Those that follow me on Twitter will no doubt know that a few weeks ago we had a large memorial service. And I when I use the descriptor “large,” I don’t mean we had a lot of people. I mean it was large! The final run sheet (yes, we had a run sheet) had 28 distinct elements. The service was programmed to be 2.5 hours long. There were 11 videos and 10 live music numbers. The band/choir had over 15 people; we had 9 monitor mixes out on stage and a tech crew of 5—FOH, Monitors, L1, L2 and Presentation. The family brought in a music director, producer and technical director. There was a crew of 7 setting and decorating the stage and lobby for 6 hours prior to the event. As I said, large.
When I met with the family initially, they started asking about using the stage for displaying various items that meant something to the deceased. I asked, “What kind of items?” “Motorcycles, 4-wheelers, bikes, surfboards, that kind of stuff. And can we hang large pictures from the metal stuff [truss] up there?” At that point, I knew I was in trouble.
We have a set of loading doors that go out to our loading dock; however we currently have a scrim, a cyc and curtain upstage that cover the doors. Using the doors would mean moving those carefully so as not to damage them. That can be done, but I didn’t want them doing it.
Then we started talking about video. They were planning on doing several (it ended up to be 11, which I think qualifies as more than several). I knew I needed to make sure they had the right specs so I wasn’t getting all sorts of crazy video formats.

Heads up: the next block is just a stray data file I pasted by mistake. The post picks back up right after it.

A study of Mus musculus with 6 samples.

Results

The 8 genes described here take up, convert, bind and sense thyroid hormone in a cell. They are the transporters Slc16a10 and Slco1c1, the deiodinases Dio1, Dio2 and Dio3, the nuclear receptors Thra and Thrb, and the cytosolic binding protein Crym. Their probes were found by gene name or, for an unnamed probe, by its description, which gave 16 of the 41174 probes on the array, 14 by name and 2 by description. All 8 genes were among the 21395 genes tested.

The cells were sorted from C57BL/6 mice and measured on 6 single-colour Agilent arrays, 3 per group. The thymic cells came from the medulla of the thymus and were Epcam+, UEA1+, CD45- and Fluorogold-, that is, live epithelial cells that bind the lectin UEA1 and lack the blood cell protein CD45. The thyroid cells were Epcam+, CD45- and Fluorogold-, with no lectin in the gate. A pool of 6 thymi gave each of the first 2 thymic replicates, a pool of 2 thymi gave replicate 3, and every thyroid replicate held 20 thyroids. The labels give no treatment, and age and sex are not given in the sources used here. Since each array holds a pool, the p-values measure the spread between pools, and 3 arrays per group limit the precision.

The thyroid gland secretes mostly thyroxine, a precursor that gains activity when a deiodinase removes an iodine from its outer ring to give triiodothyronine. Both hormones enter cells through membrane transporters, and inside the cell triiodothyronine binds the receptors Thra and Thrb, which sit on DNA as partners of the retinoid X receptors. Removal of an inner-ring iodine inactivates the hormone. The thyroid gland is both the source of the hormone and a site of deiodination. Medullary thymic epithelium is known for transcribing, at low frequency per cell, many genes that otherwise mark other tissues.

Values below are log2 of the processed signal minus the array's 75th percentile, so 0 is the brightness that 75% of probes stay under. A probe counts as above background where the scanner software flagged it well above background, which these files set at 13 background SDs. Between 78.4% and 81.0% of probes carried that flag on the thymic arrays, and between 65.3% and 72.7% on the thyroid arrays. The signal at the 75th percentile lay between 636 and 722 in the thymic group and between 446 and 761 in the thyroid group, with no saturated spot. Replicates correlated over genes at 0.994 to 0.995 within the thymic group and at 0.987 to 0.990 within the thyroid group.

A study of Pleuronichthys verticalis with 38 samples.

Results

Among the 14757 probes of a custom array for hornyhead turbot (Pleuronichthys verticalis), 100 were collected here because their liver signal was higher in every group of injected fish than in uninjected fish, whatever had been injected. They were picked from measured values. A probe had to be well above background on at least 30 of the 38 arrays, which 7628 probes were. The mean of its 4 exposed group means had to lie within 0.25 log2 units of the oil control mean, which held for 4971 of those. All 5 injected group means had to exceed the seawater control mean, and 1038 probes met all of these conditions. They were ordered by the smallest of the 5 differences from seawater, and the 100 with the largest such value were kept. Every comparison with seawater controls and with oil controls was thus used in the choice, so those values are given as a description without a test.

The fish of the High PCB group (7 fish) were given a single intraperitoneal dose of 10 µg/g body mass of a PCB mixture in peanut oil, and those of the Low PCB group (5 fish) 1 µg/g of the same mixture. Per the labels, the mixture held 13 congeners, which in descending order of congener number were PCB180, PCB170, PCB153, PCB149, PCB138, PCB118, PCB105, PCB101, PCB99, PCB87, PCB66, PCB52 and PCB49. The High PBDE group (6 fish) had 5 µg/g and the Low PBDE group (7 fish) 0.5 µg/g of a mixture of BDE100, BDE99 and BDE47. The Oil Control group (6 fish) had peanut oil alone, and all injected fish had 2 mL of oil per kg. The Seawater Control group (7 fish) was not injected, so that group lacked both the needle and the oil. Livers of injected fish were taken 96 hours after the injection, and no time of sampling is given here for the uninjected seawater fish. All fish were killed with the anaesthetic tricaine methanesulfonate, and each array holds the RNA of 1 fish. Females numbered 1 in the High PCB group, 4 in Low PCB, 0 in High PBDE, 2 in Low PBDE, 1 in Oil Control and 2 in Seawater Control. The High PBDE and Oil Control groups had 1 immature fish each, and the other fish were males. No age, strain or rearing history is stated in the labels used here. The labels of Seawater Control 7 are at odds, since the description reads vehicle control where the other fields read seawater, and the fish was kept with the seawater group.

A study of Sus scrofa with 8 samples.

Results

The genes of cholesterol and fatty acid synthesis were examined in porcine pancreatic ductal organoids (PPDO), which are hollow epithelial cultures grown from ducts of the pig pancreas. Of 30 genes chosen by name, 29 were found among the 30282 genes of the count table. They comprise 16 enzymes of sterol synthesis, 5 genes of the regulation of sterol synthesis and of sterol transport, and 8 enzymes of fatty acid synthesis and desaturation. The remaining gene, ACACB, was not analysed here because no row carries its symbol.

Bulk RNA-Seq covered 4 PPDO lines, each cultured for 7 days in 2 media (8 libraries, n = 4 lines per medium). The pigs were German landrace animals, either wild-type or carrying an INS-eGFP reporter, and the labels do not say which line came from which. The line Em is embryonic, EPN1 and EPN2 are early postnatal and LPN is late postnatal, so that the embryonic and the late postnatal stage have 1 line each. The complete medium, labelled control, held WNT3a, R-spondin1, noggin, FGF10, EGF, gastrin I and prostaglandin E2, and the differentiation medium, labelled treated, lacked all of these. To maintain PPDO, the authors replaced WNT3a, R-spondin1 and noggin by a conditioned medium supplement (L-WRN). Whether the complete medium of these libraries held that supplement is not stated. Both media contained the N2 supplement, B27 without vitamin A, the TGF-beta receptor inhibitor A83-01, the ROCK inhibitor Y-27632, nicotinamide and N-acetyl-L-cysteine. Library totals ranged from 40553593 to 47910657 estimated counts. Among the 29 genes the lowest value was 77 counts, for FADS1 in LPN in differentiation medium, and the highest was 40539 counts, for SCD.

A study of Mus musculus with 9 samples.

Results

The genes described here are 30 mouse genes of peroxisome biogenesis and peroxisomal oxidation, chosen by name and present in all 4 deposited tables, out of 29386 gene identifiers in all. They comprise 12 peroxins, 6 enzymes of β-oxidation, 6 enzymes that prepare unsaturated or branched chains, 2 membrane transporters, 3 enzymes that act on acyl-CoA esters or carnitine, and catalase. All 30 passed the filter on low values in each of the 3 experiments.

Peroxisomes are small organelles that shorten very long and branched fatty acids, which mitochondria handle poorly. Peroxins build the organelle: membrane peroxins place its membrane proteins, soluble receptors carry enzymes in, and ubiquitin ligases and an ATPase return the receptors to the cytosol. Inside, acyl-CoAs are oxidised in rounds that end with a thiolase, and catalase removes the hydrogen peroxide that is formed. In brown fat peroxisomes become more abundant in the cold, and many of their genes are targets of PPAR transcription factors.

Then there was the music. Full band, choir, multiple numbers. Again, I knew I needed something the help reign this in (or at least set some parameters. So that evening, I sat down and wrote our Memorial Service Media Guidelines. This document is an attempt to give the family the information they need to produce media for memorial services that will actually work. It also outlines some of the things they can and cannot do on our stage.
A big part of this was for my own sanity. As I wrote in “Funerals Annoy Me,” the big problem I have with funerals is that no one understands how much work it is for the tech department to pull off. So I figured I would establish some parameters so everyone knows what can be done with reasonable effort. Since I set the parameters, I’m OK with whatever needs to happen inside them. If someone wants to go outside the boundaries, I can point to the document and say, “Sorry, we can’t accommodate that.” Since I’ve had the document ratified by leadership, I can veto craziness without fear it will be overturned.
One thing I didn’t include in the guidelines is maximum length of a service. We’re working on that from an organizational perspective to help guide families, and I believe the maximum time should be 1.5 hours. As is the case with most things, less is more. One other item I’m debating putting in there is that during the service there will be no flash photography. At the big one, they hired a professional photographer who shot with flash throughout the entire event (including shots of the audience, which I thought was downright tacky). That may be a personal/family decision, but as a principle, I think it’s a bad idea.
We’re also working on putting together a memorial service cost worksheet, which will be based on my existing outside events cost worksheet. What’s in question is how we discount the room rental and technical staff charges based on whether someone is a regular attender/member versus a friend of a member or someone off the street. Ideally, we’ll decide what the discount rates are, then the memorial service coordinator and I can quickly cost out a service in a fair and consistent fashion.